Chair of Process and Data ScienceCopyright: Wil van der Aalst
The Process and Data Science Group, headed by Prof. Wil van der Aalst, is one of the research units in the Department of Computer Science. The scope of PADS includes all activities where discrete processes are analyzed, reengineered, and/or supported in a data-driven manner. Process-centricity is combined with an array of Data Science techniques. The group’s research and teaching activities can be characterized by the keywords: Data Science, Process Science, Process Mining, Business Process Management, Data Mining, Process Discovery, Conformance Checking, and Simulation.
The group has been established in the context of the Alexander von Humboldt Professorship awarded to Prof. Wil van der Aalst in 2017. The award is Germany’s most prestigious and valuable prize for international researchers. The PADS group supports RWTH’s strategy to further strengthen its Data Science capabilities. The group also closely collaborates with the Fraunhofer Institute for Applied Information Technology (FIT).
Currently, the main research focus is on Process Mining (including process discovery, conformance checking, performance analysis, predictive analytics, operational support, and process improvement). This is combined with neighboring disciplines such as operations research, algorithms, discrete event simulation, business process management, and workflow automation.
Major Research Topics of Interest are
- Foundations of Process Mining. This includes the key capabilities to discover different types of process models from even data. These process models may include temporal, resource, and data perspectives. There should be a continuous interplay between event data and process models to enable conformance checking, performance analysis, and prediction. In the relatively young field of process mining there are still many open problems that require cutting-edge research.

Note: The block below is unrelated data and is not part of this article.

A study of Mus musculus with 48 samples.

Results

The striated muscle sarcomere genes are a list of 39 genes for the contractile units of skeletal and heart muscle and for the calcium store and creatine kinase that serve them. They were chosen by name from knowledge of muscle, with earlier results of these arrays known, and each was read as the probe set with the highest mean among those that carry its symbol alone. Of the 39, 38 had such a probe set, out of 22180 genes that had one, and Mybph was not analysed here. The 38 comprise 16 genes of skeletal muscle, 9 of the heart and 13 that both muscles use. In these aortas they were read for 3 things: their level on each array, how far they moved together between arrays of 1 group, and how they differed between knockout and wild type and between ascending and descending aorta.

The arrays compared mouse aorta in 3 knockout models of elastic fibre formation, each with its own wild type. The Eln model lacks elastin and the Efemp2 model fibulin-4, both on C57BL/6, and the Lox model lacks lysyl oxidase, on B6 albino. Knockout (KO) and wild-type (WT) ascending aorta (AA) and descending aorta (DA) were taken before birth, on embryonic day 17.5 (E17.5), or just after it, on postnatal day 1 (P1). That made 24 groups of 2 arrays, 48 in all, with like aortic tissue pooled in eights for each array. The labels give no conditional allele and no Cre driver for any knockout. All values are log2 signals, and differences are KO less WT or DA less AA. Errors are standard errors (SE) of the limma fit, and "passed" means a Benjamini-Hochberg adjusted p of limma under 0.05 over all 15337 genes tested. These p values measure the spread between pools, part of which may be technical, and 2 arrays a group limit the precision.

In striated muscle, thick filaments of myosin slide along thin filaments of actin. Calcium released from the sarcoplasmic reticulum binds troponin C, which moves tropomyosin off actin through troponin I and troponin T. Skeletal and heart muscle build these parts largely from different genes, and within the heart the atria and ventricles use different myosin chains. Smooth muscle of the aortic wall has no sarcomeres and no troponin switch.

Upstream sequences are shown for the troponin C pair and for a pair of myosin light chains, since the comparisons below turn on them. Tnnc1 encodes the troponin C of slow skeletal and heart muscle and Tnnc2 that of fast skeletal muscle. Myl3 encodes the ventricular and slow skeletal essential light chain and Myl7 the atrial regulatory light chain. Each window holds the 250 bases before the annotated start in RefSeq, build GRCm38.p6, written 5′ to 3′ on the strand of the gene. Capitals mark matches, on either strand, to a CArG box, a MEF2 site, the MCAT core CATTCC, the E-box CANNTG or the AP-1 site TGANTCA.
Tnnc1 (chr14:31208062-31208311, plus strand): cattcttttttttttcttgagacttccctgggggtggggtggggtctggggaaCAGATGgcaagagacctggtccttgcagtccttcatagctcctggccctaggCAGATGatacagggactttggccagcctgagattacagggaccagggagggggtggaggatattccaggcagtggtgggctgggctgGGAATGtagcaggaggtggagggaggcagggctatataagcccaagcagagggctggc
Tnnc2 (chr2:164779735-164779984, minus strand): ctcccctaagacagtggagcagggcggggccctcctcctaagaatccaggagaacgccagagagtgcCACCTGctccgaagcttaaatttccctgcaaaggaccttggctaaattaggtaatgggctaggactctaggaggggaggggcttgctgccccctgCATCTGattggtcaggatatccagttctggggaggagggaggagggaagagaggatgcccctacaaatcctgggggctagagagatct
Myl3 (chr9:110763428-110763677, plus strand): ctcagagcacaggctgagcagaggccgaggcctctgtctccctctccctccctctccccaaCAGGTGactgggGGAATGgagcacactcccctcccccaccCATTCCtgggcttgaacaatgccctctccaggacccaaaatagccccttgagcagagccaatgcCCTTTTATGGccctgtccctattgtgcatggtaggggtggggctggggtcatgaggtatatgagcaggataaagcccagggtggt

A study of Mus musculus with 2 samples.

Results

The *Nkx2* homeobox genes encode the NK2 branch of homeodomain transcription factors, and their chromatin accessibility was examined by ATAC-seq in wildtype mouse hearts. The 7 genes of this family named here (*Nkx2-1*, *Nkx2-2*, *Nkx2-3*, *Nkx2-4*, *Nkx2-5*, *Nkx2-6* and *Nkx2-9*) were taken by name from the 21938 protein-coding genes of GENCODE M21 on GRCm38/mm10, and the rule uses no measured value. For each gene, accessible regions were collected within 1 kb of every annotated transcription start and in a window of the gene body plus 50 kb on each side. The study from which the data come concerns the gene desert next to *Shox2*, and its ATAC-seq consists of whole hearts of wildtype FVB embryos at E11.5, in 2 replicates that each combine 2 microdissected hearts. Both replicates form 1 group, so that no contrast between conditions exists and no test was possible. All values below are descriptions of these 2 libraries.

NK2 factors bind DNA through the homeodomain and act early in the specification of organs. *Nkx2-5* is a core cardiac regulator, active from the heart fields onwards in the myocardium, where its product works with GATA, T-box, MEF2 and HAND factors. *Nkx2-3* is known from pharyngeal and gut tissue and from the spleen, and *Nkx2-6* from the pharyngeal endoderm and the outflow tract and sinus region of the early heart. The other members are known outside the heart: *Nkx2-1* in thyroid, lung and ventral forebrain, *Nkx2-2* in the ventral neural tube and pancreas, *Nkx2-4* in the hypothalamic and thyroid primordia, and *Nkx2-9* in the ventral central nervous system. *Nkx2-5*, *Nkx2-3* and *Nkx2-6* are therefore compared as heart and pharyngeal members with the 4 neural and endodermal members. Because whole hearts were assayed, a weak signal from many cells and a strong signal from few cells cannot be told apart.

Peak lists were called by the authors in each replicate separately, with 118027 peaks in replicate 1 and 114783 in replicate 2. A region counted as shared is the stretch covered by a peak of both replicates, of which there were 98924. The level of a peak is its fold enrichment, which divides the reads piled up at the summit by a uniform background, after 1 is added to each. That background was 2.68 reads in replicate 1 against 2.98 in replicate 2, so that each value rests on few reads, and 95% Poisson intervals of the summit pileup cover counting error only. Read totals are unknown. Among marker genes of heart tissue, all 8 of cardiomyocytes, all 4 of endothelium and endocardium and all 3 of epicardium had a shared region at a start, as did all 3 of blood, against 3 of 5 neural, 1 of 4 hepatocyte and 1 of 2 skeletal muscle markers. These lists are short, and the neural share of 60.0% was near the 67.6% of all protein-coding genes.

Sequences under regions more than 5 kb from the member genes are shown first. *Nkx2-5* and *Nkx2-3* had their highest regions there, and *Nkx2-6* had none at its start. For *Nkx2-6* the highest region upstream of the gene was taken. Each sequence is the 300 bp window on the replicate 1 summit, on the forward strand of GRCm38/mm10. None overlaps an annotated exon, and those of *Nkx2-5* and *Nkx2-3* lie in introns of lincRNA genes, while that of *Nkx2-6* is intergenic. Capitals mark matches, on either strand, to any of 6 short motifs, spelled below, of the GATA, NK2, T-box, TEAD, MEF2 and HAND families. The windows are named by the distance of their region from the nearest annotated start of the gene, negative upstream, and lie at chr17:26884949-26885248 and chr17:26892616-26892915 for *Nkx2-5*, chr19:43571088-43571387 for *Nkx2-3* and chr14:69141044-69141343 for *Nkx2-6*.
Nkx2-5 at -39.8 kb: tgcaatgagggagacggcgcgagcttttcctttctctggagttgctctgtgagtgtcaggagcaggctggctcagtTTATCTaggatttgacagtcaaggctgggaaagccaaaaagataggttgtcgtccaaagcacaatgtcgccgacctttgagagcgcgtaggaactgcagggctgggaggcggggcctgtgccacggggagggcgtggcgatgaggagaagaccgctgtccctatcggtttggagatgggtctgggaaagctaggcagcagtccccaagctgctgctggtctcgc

- Dealing with large/distributed/streaming/uncertain Event Data. The abundance of event data enables a range of data science techniques. However, the volume, speed, and variety of data create new challenges. Moreover, data may be uncertain and difficult to extract and handle. Addressing these challenges will help to increase the applicability of process mining in a range of application domains.
- Automated Operational Process Improvement.To develop the technology making it possible to support automated process improvement in a data-driven manner, we need to learn faithful “as-is” models and understand performance characteristics. However, to generate “to-be” models, we also need to inject domain knowledge and elicit goals and constraints. Candidate models needs to be evaluated using operations research techniques (including simulation and queueing analysis).
- Responsible Process Mining. Data are collected on anything, at any time, and any place. Obviously, people are concerned about irresponsible data use. Scientific breakthroughs are needed to ensure fairness, accuracy, confidentiality, and transparency. These challenges also apply to process mining. How to conduct process mining without making unfair conclusions or revealing sensitive information.